Where the Buffalo Roam
This Western heritage road trip through north central Oklahoma includes ranches, museums and bison herds to give you the feel of the Old West.
|Photo: Dave Morrison|
Legends and tall tales of the Wild West are part of the fabric of life in Oklahoma. In the north central region of the state, visitors can experience Oklahoma's rich Western culture and heritage by attending Western-themed events, visiting museums and viewing wildlife, including the majestic American bison.
The 101 Ranch, Ponca City
The site of the 101 Ranch in Ponca City is a National Historic Landmark, though none of the once-sprawling ranch’s buildings remain. The ranch gave rise to the Miller Brother’s 101 Ranch Wild West Show and an oil discovery that led to the formation of Marland Oil, later known as the Continental Oil Company (or Conoco). An historical marker and picnic area commemorate the site. While in Ponca City, the Marland Mansion, Pioneer Woman Statue and Museum and Poncan Theatre all deserve a visit.
Bob Clark’s Spur Collection, Fairfax
This collection of spurs is housed in the lobby of the First State Bank at 308 Main Street in Fairfax. Owner Bob Clark has spent a lifetime collecting the 150 pairs on display, each with its own bit of Western history. The collection has spurs that are more than 150 years old and once belonged to cowboys from the 101 Ranch. Others were once used by cattle barons and rodeo stars.
Pawnee Bill Ranch, Pawnee
Gordon Lillie, better known as Pawnee Bill, was a showman on the order of Barnum and Bailey. In the tradition of Buffalo Bill Cody’s Wild West Show and the Miller Brothers’ 101 Ranch Wild West Show, Pawnee Bill introduced the Wild West to parts of the United States and Europe by taking it to them. His shows featured trick riders, ropers, sharpshooters and production numbers that simulated the Indian Wars.
Lillie invested well in banking, real estate and oil, and lived at the ranch until his death in 1942. The 14-room Pawnee Bill Ranch Historic Site & Museum is open for visitors to tour and is furnished with original belongings and artwork. Today, the 500-acre ranch is home to bison and longhorn cattle, which can be viewed in pastures during a driving tour. The ranch in Pawnee, Oklahoma comes alive in June each year with re-enactments of Pawnee Bill’s Wild West Show.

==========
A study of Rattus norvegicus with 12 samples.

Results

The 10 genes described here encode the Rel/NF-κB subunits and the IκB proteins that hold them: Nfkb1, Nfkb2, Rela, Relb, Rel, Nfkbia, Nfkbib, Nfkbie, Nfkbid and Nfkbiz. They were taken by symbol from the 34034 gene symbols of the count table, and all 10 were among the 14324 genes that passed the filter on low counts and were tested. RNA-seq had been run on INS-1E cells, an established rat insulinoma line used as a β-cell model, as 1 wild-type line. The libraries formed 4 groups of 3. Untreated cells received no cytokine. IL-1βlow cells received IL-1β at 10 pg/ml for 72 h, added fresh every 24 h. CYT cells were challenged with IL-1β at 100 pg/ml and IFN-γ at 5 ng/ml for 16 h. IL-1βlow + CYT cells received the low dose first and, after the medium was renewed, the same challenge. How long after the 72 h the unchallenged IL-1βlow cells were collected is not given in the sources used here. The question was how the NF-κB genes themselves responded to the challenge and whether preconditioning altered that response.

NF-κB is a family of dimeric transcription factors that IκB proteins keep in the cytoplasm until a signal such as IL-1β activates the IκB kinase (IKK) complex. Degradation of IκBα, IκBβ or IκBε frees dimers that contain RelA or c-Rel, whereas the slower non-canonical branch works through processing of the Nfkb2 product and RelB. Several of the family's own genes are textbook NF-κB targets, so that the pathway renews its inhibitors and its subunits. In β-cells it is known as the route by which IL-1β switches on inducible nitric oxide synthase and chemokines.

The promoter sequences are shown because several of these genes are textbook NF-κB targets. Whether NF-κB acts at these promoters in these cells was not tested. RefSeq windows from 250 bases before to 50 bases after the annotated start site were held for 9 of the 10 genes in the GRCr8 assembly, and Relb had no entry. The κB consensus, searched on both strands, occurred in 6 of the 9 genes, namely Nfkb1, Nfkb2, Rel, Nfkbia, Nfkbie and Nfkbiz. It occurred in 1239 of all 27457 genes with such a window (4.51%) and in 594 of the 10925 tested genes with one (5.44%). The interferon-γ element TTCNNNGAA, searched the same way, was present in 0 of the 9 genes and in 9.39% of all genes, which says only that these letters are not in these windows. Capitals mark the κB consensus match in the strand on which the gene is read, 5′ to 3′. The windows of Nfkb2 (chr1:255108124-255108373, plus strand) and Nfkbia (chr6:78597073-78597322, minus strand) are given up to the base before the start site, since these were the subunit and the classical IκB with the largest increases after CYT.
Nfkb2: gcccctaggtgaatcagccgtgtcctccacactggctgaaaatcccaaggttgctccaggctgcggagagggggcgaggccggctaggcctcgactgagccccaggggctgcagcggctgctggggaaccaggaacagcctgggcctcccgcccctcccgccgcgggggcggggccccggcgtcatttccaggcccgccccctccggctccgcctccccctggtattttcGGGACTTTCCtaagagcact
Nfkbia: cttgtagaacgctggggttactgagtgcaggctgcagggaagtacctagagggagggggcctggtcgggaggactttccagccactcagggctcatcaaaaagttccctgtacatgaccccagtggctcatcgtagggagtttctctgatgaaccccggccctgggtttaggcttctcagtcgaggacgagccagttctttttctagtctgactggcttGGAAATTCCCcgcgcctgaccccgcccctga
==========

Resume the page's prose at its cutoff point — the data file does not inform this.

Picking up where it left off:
Tallgrass Prairie Preserve, near Pawhuska
The American bison was once plentiful on Oklahoma’s plains, but by the end of the cowboy era few remained. The Nature Conservancy reintroduced 300 bison to the 39,000-acre Tallgrass Prairie Preserve near Pawhuska in 1993 and the herd now stands at its target population of 2,500.
Blacksmith House, Pawhuska
Built in 1871, the Osage tribe gave this blacksmith house as a gift to Sid Delarue, a Swiss blacksmith, on the condition that he agreed to care for the tribe’s horses. It was the first building in Pawhuska and the home of the first Boy Scout troop in America. You’ll find it at 222 Main Street, next door to the Osage Tribal Museum. Also worthy of note is downtown Pawhuska itself where 86 of the 98 buildings are on the National Register of Historic Places.
Ralston Opera House, Ralston
At the start of the 20th century, the cowboy era was winding down as the first automobiles began to turn up on town streets, but there was still plenty of ranching to be done when the city of Ralston got its opera house in 1902. The spectacular acoustics helped attract some of the biggest stars of the era. The venue was nearly in ruins after 60 years of neglect, but a $400,000 restoration project helped bring it back to life. While you’re visiting, check out the restored First National Bank building, also constructed in 1902.
Top of Oklahoma Historical Society Museum, Blackwell
The Top of Oklahoma Historical Society Museum in Blackwell houses artifacts from the 1893 Cherokee Strip land run that settled Oklahoma through modern times, and has one section exclusively dedicated to Western heritage. Artifacts include saddles and antique ranch equipment. Electric Park Pavilion commemorates the arrival of electricity in 1913, effectively bringing what remained of the cowboy era to a close.